BODY CORPORATE LEVIES
A brief overview on body corporate levies
Body corporate levies are often overlooked when buyers of sectional title units purchase property. Body corporate levies are the levies that a body corporate is entitled to charge to each individual owner of a sectional title unit in a complex.
In order to understand body corporate levies, you need to understand what a body corporate is. A Body corporate is administrative bodies made up of owners of a group of units in a complex or developed flats.
If you purchase immovable property which is a sectional title unit, that property will form part of a body corporate, and various responsibilities arise from that consequential “membership”.
Body corporates at their inception or any time thereafter can choose to manage themselves or they can appoint an agent or manager. These agents or managers perform all the functions on behalf of the owners. Relevant to this article is the collection of body corporate levies.
The owners of the body corporate must, in terms of section 39(1)(a) of the Sectional Titles Act 2 of 2009 as amended (“the Act”), establish a fund for purposes of, but not limited to the maintenance of these premises, payment of rates and taxes, other local authority charges, premiums of insurance and various other costs that need to be shared by the owners who share common expenses in respect of the premises.
Once the Fund for the body corporate has been established, each individual owner is legally bound by statute (the Act) to pay these levies. In terms of section 46(1)(h) an owner MUST:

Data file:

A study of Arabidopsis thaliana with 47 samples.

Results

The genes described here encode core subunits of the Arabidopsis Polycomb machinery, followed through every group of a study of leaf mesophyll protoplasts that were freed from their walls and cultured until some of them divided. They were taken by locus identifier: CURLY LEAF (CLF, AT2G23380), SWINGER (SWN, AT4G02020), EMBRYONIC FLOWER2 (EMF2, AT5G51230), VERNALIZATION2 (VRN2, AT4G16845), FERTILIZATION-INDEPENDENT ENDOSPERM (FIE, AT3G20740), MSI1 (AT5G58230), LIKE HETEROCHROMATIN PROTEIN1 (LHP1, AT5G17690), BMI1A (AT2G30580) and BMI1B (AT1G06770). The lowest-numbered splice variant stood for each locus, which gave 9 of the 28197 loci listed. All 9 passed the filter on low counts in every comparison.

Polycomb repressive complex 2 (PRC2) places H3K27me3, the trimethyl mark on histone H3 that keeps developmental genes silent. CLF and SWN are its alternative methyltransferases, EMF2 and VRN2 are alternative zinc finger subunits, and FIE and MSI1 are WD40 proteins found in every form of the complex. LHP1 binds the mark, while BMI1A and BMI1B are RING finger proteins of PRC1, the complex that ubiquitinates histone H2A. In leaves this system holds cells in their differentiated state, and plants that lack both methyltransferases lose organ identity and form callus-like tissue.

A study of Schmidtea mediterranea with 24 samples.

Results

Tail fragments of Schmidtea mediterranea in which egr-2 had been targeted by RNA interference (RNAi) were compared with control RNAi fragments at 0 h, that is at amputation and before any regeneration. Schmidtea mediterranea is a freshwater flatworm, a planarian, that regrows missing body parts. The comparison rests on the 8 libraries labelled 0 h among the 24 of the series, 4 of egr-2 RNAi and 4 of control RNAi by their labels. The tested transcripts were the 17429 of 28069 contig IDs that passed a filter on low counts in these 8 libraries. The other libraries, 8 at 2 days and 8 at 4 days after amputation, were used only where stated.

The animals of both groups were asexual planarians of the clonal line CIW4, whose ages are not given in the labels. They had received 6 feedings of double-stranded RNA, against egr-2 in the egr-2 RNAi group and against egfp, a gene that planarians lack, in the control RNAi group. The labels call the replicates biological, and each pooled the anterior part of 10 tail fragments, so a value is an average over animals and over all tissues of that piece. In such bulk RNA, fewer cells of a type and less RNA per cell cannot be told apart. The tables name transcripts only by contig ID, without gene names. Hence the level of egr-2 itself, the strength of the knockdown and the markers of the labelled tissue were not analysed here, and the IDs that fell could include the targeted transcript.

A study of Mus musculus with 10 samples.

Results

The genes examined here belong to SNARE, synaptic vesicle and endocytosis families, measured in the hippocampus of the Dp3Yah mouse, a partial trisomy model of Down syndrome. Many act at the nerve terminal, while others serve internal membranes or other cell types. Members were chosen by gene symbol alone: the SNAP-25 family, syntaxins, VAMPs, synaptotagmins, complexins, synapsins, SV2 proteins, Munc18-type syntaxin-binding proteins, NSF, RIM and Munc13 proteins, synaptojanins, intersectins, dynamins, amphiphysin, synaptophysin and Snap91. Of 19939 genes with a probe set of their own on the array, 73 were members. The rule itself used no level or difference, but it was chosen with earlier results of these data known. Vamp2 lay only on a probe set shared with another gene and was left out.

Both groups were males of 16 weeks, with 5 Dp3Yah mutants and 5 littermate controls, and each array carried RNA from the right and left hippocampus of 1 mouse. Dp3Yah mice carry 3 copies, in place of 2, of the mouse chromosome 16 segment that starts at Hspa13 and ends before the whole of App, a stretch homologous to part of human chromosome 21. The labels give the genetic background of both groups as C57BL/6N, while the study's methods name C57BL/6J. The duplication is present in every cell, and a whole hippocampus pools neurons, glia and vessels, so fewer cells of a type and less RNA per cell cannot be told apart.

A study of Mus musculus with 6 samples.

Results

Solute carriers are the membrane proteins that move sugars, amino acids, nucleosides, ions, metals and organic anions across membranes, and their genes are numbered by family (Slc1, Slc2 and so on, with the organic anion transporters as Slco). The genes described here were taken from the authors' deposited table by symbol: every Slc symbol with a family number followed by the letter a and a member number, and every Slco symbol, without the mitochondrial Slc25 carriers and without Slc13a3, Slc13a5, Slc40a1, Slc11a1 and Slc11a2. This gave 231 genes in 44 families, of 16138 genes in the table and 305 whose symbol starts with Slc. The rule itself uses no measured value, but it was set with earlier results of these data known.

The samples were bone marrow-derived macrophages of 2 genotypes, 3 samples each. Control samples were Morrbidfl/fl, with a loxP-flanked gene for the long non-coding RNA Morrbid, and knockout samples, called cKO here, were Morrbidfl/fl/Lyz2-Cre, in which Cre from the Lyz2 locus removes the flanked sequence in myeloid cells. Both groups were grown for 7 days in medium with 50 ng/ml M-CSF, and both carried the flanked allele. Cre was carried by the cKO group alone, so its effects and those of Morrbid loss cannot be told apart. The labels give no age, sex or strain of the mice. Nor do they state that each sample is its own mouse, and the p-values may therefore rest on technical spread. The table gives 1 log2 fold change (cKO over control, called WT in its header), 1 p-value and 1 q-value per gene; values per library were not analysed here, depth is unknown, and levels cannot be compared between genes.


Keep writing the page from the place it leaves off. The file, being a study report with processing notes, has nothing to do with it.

…pay, when due, all charges (including contributions), expenses, and assessments that may become payable in respect of his or her section.
Body corporate levies are calculated by using the participation quota of each individual unit and dividing the annual budget of the body corporate by each unit (based on their quota), per month.
There are two types of levies. Administrative levies are for the maintenance of the property and can be viewed as normal levies. There are also special levies payable by owners as determined by the trustees. Special levies may include the painting of the premises.
What most owners want to know is whether they can be sued for these levies. The answer is yes. In terms of the regulating statute, these levies may be recovered by the body corporate by action in any court and the body corporate may recoup its legal expenses, collection commission, expenses, and charges incurred in relation to the recovery of arrear levies.
We strongly advise that you obtain professional advice from a legal practitioner who specializes in body corporate matters and the collection of monthly levies.